Signs point to higher utility bills this winter

Signs point to higher utility bills this winter

Brace yourselves. Monthly utility bills are about to get even higher.

Not only are prices for gasoline and diesel up, but natural gas prices are also climbing. By a lot.

"There is no question prices are going to be high this winter," said David Kolata, executive director of the Citizens Utility Board, an Illinois consumer advocacy group. "Consumers are in for a tough winter," he said.

AmerenIP monthly bills could be $15 to $30 higher this winter, according to Ameren. And that's if the weather is normal. A colder-than-normal winter could push bills even higher.

"We are anticipating natural gas prices to be significantly higher than last winter," said Shirley Swarthout, a spokeswoman for AmerenIP.

Gas bills are divided up several ways. Delivery charges for gas (which cover the utility's costs of maintaining the gas lines, billing customers and other services) are fixed for a certain time period and are regulated by the state. What often fluctuates is the gas charge. This is the price the utility pays for the gas and passes on to its customers. Typically, the gas charge in winter months makes up about three-quarters of the bill, Swarthout said.

AmerenIP rates for purchased gas will be 96.87 cents per therm in October, up from 77.27 cents in September. AmerenCILCO rates will rise from 88.12 cents to 95.54 cents per therm. (Natural gas customers are charged by the therm, which is a unit of heat.)

Natural gas prices have been climbing for several reasons, Swarthout said. It was a hot summer, which meant more air conditioners were running. And power plants that supply electricity for air conditioning needed more natural gas to generate electricity. Production of natural gas has not increased. And finally, hurricanes in the Gulf of Mexico disrupted production and transportation of gas produced there.

"Wholesale prices of natural gas are market commodities and, like other market commodities, fluctuate on supply and demand," Swarthout said. "Well before Hurricane Katrina hit, there were already forecasts of an active hurricane season, and that helped push up the price even before we saw the devastating hurricane," she added.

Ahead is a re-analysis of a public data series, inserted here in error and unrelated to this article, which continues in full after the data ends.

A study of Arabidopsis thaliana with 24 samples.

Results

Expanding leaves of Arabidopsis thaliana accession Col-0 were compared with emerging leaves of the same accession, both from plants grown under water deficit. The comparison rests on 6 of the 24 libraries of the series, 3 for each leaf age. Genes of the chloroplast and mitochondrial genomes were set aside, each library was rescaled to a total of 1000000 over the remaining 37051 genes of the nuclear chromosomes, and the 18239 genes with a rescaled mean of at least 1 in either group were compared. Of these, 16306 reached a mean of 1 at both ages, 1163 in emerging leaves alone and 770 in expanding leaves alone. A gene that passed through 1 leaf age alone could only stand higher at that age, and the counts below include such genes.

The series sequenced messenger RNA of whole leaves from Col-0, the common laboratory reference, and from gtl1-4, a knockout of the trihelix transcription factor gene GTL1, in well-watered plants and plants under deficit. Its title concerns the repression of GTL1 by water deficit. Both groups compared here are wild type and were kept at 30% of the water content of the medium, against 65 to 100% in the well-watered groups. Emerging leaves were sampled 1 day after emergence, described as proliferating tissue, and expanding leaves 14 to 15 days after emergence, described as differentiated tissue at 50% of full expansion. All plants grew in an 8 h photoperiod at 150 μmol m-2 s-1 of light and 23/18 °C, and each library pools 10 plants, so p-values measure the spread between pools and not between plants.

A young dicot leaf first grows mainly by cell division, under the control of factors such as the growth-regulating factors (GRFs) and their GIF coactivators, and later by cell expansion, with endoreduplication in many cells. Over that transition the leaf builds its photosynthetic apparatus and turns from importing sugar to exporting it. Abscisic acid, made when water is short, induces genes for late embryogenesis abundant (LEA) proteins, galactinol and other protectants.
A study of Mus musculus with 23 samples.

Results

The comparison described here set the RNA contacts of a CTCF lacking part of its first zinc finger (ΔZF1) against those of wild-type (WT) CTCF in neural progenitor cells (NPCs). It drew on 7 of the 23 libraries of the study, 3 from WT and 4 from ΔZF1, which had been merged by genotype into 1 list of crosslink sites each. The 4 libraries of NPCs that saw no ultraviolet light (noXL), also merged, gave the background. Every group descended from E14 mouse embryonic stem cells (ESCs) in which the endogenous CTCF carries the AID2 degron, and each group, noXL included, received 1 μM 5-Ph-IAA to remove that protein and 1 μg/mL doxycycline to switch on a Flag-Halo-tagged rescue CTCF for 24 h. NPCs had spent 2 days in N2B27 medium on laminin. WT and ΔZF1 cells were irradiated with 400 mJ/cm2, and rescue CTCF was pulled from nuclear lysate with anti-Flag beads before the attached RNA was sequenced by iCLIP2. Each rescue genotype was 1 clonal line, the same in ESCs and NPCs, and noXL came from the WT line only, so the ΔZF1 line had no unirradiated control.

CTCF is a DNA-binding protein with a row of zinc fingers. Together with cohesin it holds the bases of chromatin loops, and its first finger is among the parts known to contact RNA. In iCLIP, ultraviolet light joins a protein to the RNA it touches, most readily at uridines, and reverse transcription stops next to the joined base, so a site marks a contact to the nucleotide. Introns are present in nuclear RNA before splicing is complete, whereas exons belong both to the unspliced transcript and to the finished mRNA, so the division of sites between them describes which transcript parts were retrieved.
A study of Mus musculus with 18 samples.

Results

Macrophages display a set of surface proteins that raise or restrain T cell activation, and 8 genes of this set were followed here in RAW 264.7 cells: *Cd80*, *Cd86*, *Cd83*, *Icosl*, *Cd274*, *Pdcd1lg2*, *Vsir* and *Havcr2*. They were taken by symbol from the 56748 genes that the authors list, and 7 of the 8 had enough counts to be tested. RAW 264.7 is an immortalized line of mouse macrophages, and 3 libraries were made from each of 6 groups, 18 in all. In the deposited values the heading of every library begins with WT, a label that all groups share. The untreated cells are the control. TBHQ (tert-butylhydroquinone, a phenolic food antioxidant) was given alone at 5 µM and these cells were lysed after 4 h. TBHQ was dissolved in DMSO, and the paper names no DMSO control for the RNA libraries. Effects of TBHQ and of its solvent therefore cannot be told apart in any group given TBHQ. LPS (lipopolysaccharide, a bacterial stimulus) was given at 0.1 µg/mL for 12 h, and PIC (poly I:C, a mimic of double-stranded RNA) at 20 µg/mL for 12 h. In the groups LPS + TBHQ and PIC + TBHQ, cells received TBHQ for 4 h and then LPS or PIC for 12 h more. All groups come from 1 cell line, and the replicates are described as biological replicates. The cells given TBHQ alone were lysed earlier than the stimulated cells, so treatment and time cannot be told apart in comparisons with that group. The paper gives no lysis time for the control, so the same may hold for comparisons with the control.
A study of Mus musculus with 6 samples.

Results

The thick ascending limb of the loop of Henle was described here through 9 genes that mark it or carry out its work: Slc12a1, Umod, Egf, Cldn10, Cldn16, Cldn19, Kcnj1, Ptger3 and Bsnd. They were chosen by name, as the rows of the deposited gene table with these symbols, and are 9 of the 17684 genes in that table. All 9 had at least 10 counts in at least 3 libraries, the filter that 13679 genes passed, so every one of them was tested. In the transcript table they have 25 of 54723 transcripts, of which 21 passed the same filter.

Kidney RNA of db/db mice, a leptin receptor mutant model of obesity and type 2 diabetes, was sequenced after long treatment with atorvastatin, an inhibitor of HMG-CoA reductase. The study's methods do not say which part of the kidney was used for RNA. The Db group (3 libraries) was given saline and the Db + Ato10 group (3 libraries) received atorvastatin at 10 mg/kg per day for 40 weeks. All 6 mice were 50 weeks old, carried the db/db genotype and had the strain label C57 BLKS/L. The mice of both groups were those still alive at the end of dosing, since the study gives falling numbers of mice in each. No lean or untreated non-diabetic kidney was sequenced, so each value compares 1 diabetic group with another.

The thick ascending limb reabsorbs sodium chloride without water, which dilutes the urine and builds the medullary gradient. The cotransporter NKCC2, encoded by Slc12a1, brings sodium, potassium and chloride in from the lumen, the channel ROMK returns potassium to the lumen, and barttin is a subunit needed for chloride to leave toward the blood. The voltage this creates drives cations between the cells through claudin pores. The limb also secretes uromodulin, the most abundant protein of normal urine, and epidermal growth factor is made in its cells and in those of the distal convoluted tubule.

Ameren buys from several suppliers, and its natural gas comes from pipelines from production areas in Oklahoma, Texas, along the Gulf of Mexico and other regions.

Utilities like Ameren buy natural gas using futures contracts and through hedging, Kolata said.

"It is true demand is up because more natural gas is being used to generate electricity," Kolata said. However, he pointed to the natural gas markets and exchanges where natural gas is traded. "What we're seeing is natural gas markets failing consumers," he said and called for better monitoring of the markets.

Natural gas contracts traded on the New York Mercantile Exchange have doubled since this time last year, said Heather Viele, general manager for the Illinois Municipal Gas Agency. The Auburn-based agency buys natural gas for municipalities, such as Rantoul, that own their gas systems. Area members of the agency also include Rossville and Westville.

"Hopefully prices will not go up from here," Viele said.

Factors that could push prices up or down include how much more supply will be available and how quickly that supply will be available, how much natural gas is stored going into the winter, whether or not there are more hurricanes and tropical storms that could affect production and transportation and winter weather, Viele said.

"If they all work to our advantage, we will see a price drop," she said.

The past few winters in Illinois have been fairly mild.

"The most recent winter forecasts are for normal to slightly above temperatures. That would help gas industry and prices very much," Viele said.